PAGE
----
Amidst several churches defying health orders and conducting services, and terrifying images of a burned church in Mississippi, I write to my fellow Believers and ask the question; Should reopening services be a priority for our Church?
While I believe you have the right to reopen, and agree with the governor’s decision to allow reopening with 25% capacity, I think this debate misses the whole point of our faith
Do we not sing that they shall know who we are by our love? There is a need within our congregations, and I know those Zoom meet-ups just don’t feel the same, but in this time there is even more need outside our congregations.
Poverty and food insecurity are deepening as there are at least four times as many people out of work in Santa Barbara County as a year ago. Mental health issues are on the rise, threatening to deprive our community of more lives than the disease. The congregate but hard living of homelessness threatens them and, if we do nothing to help, the society at large with secondary outbreaks.
In this time I know many people of multiple faiths that are stepping up and engaging in works of good as individuals, but why should we not take this moment and do that as congregations? I would argue that our faith is one that defined itself during the plagues of the third century as one of compassion and community action.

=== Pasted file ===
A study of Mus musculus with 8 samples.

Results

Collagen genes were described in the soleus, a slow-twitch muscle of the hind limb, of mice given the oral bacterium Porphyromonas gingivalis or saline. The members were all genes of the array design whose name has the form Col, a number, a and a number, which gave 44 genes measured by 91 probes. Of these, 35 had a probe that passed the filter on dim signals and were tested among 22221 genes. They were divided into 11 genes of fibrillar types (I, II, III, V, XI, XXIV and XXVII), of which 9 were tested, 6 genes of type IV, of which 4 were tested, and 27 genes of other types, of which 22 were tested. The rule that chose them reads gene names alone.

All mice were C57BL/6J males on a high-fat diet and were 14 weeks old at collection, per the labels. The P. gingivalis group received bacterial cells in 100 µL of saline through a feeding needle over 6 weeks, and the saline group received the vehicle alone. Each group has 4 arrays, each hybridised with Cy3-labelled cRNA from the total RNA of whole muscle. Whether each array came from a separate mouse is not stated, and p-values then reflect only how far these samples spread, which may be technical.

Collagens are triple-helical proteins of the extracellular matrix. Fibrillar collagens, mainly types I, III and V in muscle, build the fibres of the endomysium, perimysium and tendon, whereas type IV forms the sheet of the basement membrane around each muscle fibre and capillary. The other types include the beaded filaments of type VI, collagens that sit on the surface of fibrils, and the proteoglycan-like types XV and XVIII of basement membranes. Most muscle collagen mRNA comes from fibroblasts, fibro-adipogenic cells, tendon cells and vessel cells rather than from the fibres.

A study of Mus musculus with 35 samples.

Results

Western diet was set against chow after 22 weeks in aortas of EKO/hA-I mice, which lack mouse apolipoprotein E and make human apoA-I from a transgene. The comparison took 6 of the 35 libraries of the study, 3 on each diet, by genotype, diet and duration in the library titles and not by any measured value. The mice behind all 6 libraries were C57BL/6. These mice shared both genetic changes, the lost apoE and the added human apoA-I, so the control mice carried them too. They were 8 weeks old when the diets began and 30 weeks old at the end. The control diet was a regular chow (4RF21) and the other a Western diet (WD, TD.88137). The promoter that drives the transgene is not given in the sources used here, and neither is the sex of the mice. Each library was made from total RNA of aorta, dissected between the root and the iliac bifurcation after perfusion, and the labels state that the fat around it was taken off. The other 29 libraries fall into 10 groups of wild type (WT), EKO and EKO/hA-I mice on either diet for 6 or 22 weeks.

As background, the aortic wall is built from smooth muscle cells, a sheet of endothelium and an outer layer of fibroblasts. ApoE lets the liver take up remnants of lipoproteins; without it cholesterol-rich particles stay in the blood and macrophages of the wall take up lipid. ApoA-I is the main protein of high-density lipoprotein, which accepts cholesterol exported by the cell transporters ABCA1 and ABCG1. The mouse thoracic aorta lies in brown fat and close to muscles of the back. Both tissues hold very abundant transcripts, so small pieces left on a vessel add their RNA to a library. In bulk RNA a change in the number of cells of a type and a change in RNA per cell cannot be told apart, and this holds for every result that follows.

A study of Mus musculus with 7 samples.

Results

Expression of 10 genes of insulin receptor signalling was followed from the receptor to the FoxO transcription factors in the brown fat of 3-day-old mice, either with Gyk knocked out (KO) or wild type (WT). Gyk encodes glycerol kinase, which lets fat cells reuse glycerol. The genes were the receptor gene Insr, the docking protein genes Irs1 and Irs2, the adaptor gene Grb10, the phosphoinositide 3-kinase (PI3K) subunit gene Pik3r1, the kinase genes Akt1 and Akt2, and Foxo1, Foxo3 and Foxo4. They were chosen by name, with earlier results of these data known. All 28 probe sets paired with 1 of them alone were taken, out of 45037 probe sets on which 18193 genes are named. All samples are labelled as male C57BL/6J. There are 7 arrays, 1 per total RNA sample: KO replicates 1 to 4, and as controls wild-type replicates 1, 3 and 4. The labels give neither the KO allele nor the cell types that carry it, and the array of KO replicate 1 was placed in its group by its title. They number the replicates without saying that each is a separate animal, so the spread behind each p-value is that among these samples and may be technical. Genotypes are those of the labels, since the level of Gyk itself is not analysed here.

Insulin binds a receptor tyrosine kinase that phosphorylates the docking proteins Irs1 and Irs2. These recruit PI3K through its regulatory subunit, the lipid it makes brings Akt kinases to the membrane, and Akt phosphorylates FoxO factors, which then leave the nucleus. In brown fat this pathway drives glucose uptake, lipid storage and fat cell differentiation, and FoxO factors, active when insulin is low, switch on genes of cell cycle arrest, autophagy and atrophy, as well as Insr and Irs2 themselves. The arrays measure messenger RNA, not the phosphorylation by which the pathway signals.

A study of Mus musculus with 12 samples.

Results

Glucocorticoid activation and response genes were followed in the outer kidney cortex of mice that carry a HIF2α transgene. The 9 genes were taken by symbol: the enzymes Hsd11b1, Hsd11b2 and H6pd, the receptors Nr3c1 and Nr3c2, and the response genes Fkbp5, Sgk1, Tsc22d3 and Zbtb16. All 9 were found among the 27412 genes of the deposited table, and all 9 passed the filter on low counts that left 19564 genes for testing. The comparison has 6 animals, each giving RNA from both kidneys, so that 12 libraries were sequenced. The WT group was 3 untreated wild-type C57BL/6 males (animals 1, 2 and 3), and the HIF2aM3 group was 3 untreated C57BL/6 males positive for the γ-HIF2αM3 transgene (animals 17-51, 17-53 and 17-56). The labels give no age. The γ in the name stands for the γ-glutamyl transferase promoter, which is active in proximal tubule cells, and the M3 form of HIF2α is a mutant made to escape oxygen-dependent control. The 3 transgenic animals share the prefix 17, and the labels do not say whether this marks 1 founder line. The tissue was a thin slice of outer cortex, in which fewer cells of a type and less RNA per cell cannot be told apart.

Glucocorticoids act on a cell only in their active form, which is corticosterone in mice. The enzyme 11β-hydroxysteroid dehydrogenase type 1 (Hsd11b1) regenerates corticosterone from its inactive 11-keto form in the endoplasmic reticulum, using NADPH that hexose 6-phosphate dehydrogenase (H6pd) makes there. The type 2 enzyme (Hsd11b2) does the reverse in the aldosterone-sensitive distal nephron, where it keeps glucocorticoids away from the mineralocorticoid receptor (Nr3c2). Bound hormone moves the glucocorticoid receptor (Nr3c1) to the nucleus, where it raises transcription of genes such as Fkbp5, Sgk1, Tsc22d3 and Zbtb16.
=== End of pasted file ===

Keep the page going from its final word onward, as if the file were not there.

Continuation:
If we are willing, like those Believers, to take a risk for our belief, is it not more powerful to do that in a homeless shelter, in a (socially distanced) coffee with an isolated friend, at the food bank and at the hundred other places we are needed? Sermons did not become integral until more than 1,000 years of the Church, but service was part of the ministry from day 1.
And if we are reopening, we must do so with real precautions, like instructions to leave multiple seats between family groups. We should be remembered for our love, not our recklessness. As for me, I will take my family to a worship service that is outside, given the reduced risk of infection in that setting.
Das Williams is a member of the Santa Barbara County Board of Supervisors. He represents the 1st District.